The means test is required for Chapter 7 bankruptcies
If you are an individual debtor with primarily consumer debts, you are required to calculate your current monthly income and expense deductions under a means test. The bankruptcy code defines income as income from all sources without regard to its taxable nature. It also includes contributions to household expenses from any entity received by debtor on a regular basis. A Chapter 7 debtor is required to include the means test calculations in the bankruptcy schedules filed at the beginning of the bankruptcy case. A Chapter 7 debtor whose debts are not primarily consumer debts must also file the means test form after checking the box that their debts are not primarily consumer debts. The means test schedules require that the debtor check a box on the form that a presumption of abuse either does, or does not, arise. If the form indicates that a presumption of abuse exists, the court clerk is required to send a notice to all creditors within 10 days of filing the petition that a presumption of abuse exists. The trustee will review all schedules and documents, and if abuse is presumed, the trustee will file a statement to that effect with the clerk of the bankruptcy court within 10 days after the meeting of creditors. The clerk will mail the statement to all creditors within 7 days of filing. The trustee is required to bring a motion to dismiss, or file a statement explaining why a motion is not filed. A creditor may also bring a motion to dismiss. Debtors who do not meet this standard may not file a Chapter 7 or they may be subject to a dismissal hearing. In the alternative, the case would be converted to a repayment plan under Chapter 13. If a debtor’s income falls below the state median qualifying the debtor to file Chapter 7, creditors do not have the standing to file a motion to dismiss.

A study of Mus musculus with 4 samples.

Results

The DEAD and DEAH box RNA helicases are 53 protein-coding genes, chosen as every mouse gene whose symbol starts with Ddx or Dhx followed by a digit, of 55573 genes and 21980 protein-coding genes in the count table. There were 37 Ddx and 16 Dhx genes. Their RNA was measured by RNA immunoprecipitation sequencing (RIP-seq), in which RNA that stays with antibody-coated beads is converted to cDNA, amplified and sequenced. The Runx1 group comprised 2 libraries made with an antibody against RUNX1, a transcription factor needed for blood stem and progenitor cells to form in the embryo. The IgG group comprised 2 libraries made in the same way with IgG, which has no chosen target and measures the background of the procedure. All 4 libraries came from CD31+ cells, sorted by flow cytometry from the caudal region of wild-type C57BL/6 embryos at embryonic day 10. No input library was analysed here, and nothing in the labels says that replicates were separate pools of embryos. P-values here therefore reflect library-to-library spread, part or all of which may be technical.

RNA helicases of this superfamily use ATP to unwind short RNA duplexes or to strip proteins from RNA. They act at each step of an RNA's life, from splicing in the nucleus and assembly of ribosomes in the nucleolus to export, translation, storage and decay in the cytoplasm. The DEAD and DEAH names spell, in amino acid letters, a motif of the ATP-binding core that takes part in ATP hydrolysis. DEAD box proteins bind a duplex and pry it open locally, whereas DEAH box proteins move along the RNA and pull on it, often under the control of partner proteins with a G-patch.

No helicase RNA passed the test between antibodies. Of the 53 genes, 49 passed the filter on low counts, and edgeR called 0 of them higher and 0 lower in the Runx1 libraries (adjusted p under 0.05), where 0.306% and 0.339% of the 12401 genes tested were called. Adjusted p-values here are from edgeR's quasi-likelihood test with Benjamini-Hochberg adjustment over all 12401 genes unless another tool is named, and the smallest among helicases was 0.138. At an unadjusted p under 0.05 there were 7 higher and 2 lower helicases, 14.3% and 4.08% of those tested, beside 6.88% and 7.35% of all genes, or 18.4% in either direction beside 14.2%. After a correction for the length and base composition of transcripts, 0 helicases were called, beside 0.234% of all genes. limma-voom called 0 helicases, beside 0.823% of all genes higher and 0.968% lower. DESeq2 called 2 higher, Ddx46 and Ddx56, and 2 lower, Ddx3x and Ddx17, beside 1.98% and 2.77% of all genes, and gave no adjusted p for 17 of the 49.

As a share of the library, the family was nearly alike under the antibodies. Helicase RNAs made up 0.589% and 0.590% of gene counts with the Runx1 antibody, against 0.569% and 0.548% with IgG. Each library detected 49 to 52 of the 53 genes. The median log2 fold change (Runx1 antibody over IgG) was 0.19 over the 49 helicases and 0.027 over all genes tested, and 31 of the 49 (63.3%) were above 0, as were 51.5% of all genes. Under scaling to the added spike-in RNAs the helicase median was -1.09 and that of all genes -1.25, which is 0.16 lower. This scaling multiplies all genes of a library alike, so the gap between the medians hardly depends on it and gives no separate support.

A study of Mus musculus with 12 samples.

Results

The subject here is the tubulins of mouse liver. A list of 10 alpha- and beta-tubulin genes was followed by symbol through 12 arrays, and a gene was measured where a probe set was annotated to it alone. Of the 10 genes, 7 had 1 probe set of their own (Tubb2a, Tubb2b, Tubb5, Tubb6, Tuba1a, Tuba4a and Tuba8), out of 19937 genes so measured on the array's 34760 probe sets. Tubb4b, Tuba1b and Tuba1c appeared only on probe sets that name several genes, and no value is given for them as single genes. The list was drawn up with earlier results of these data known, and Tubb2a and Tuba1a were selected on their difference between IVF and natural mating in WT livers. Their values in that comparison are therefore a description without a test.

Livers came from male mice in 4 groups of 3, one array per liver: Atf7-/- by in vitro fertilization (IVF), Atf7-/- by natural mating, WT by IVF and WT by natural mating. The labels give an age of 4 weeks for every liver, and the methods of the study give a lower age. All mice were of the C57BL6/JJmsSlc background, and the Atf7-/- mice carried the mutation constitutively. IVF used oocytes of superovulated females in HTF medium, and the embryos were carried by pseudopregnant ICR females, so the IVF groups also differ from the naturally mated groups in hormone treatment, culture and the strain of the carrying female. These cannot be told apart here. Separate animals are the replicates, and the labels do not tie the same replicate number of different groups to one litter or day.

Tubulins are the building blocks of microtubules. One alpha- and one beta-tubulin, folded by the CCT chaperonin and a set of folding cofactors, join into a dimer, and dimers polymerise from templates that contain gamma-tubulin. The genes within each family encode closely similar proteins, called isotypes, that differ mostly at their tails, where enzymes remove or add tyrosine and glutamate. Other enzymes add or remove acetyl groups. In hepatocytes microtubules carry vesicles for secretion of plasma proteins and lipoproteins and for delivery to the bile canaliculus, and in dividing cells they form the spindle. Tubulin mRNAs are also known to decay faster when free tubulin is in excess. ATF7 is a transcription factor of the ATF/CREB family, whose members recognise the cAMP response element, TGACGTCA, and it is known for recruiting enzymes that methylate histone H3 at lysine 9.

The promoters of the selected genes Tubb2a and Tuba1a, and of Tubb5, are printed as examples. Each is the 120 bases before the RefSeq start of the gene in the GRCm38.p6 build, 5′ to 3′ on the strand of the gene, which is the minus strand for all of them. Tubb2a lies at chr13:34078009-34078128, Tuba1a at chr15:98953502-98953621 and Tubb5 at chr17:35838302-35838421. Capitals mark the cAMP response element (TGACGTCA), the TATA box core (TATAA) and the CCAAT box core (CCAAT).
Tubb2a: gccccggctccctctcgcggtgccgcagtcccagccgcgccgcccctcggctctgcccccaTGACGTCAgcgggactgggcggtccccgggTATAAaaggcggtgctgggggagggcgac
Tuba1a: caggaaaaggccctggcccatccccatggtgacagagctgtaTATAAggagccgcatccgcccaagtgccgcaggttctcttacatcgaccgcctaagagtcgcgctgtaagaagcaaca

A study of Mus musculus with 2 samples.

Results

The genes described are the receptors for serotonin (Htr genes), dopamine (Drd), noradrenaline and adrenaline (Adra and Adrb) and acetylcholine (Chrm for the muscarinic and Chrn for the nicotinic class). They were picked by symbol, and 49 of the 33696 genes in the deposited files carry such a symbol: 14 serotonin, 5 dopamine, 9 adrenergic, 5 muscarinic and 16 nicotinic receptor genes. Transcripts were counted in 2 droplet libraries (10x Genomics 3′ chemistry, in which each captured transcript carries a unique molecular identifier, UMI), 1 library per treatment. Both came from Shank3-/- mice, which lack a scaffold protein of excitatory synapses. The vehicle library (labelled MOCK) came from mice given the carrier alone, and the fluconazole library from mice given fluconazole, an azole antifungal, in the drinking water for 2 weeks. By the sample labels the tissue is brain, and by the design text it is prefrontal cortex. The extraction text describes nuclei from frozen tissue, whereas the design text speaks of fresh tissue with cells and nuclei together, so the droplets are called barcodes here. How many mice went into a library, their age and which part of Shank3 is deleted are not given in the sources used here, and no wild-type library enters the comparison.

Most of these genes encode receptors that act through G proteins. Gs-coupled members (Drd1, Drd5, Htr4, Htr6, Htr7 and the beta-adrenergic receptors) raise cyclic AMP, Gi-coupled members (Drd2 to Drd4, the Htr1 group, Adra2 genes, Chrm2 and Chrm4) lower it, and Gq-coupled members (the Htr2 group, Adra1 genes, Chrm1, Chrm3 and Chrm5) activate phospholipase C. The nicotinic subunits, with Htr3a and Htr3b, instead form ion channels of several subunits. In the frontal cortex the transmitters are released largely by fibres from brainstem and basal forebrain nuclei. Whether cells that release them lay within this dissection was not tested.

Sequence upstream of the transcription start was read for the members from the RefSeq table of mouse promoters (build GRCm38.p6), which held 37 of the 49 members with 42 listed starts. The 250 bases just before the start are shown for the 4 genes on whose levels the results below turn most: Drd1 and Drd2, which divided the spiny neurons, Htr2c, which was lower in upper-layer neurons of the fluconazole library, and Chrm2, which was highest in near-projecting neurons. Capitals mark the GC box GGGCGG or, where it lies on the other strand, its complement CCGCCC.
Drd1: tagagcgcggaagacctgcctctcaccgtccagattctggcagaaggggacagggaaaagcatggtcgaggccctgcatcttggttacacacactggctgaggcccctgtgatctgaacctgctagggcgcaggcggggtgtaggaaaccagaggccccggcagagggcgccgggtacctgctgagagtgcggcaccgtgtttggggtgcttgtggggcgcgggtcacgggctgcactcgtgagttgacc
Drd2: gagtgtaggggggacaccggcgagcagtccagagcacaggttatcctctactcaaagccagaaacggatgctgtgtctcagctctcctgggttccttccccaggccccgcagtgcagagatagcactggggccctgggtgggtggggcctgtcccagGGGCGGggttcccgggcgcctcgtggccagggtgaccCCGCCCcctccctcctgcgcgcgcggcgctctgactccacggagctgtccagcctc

Means Test Calculation
The means test calculation consists of six steps:
- Step 1: Determine debtor’s current monthly income (CMI) and annualized current monthly income (ACMI) and compare with the median income schedule.
- Step 2: Determine necessary expenses allowed under IRS standards.
- Step 3: Determine additional expenses.
- Step 4: Determine secured debt expenses and priority claims.
- Step 5: Determine net current monthly income (CMI).
- Step 6: Determine if a presumption of abuse exists.